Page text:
News Story

Detroit Charters Nab Top 10 Average Student Body SAT Scores

‘The scoreboard doesn’t lie’

Editor's note: This story has been updated with comments from Detroit Public School Community District that challenges the list produced by the Michigan Association of Public School Academies.

Charter high schools in Detroit earned the top 10 spots in a list of school scores on the SAT college admission test. The list ranks schools by the average score attained by each school’s 11th-graders on the SAT, which is now administered to all high school juniors statewide.

The Michigan Department of Education recently released the 2018 M-STEP and SAT scores for every school in the state. The Michigan Association of Public School Academies (MAPSA) analyzed that data and came up with the top 10 list.

However, Detroit Public School Community District Nikolai Vitti said the list is missing one of his conventional high schools.

“Your list ignores Communications Media and Arts (CMA), which is a traditional public high school in DPSCD, which had an average SAT score of 890 and would be ranked as sixth on your list,” Vitti said in an email. “Obviously your list excludes any mention of Renaissance High School and Cass Tech, which would rank one and two on your list. Charter schools are not neighborhood schools and do not serve all children with special needs. Enrollment in charter schools is dependent on active parent choosers, no different than Cass Tech and Renaissance.”

However, Buddy Moorehouse, spokesman for MAPSA, said that their organization doesn't consider Communication Media and Arts an open-enrollment school.

"We don’t classify that school as open-enrollment because it requires prospective students to have a signed letter of recommendation before they’re admitted," Moorehouse said in an email. "The other open-enrollment DPSCD schools don’t require that, and neither does any charter school in the state. From the form, they’re looking to refuse admission to students with behavior issues. An open-enrollment school is one that allows any student to enroll with no such restrictions or requirements."

The test results are proof that Michigan charter schools are a success, according to a state organization that promotes charters.

“This is extremely significant,” said Dan Quisenberry, president of the Michigan Association of Public School Academies, the state charter school association. “We’re not talking two or three of the top 10 being charter schools – we’re talking all 10 of the top 10 being charter schools.”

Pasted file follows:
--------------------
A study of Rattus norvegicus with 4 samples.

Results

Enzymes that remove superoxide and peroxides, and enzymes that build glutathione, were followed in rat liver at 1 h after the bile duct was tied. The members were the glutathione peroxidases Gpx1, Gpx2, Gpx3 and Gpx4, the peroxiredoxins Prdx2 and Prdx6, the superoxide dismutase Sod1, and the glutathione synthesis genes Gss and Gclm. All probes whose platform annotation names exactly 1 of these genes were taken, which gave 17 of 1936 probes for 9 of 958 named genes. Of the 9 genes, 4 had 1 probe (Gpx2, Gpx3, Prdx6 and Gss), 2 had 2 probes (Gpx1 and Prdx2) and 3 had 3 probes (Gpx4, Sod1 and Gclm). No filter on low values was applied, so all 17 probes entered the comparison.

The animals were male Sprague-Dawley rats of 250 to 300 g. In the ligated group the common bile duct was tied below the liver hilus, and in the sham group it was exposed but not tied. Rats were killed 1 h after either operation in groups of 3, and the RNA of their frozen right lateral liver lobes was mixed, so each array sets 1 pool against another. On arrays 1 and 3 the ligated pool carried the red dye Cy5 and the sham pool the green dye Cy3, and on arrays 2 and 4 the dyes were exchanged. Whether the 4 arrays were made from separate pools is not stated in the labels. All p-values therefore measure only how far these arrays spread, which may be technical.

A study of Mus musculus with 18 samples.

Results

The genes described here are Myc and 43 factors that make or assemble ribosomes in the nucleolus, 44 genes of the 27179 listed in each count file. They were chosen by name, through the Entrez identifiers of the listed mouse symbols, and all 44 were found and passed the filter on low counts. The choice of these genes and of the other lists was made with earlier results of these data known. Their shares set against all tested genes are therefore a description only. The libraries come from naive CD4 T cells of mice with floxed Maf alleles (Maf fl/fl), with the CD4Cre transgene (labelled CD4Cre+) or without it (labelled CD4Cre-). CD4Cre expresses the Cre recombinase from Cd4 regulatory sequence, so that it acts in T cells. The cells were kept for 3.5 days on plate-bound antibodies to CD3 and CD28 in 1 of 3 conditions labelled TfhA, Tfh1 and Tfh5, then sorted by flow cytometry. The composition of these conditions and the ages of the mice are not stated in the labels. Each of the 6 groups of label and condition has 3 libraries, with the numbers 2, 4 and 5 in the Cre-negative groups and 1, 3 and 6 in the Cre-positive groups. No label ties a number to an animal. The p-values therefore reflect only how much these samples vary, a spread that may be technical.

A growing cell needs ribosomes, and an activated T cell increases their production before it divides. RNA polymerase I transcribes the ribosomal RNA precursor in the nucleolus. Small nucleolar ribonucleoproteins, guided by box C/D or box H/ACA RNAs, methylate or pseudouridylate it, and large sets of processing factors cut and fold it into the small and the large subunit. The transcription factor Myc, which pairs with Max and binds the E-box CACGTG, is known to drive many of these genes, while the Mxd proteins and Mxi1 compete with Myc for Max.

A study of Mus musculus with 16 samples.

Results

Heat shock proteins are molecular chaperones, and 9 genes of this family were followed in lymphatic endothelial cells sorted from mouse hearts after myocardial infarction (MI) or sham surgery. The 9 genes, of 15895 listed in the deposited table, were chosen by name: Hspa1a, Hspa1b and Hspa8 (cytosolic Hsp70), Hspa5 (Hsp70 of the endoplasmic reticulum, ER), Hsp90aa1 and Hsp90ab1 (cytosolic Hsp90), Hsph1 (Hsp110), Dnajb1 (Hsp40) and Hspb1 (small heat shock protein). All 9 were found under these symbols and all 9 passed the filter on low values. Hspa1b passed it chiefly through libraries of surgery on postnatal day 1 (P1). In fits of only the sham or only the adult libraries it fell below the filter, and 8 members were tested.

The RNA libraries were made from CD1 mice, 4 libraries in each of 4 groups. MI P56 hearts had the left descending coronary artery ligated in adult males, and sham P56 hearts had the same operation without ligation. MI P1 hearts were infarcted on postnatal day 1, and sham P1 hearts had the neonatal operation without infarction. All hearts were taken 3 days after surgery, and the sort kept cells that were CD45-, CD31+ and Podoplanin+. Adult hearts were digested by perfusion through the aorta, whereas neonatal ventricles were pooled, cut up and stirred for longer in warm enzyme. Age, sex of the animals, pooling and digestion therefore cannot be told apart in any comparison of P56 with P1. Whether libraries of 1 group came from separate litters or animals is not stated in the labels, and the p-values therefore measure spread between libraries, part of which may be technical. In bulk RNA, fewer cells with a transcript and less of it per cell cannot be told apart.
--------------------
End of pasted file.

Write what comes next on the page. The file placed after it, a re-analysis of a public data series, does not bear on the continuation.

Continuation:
The rankings apply to open-enrollment high schools, or schools whose admissions are not based on individual student qualifications. All charter schools admit on an open-enrollment basis, while a few magnet schools in the Detroit Public Schools Community District have selective admissions criteria.

Specifically, three of 18 high schools run by the district admit students on the basis of an assessment and meeting a base score on an entrance exam. These schools were not included in the rankings.

Students at the highest-ranking charter school, Detroit Edison Public School Academy, averaged 918.3 on the SAT, an assessment that measures aptitude in areas of reading, writing and arithmetic. The highest-performing conventional public school, Western International High School, ranked 11th overall in Detroit and scored 849.7.

Quisenberry called charter schools’ SAT performance “noteworthy on every level.”

“It's one more piece of evidence that when it comes to achievement and performance, charter schools are leading the way,” he continued. “The scoreboard doesn’t lie.”

In analyzing the data, the charter school association discovered that on the SAT test, the 10 highest-scoring open-enrollment schools in Detroit were all charter schools

Charter school enrollment in the city of Detroit has remained steady over the last several years, according to the National Association of Public Charter Schools.

There were 50,139 students enrolled in Detroit charter schools in 2009-10 and that number increased slightly to 50,460 by 2016-17, the latest year for which data is available.

Enrollment in the conventional public school district has plummeted over that seven-year span. There were 89,488 students enrolled in Detroit’s public school district in 2009-10 and that dropped to 44,890 students by 2016-17.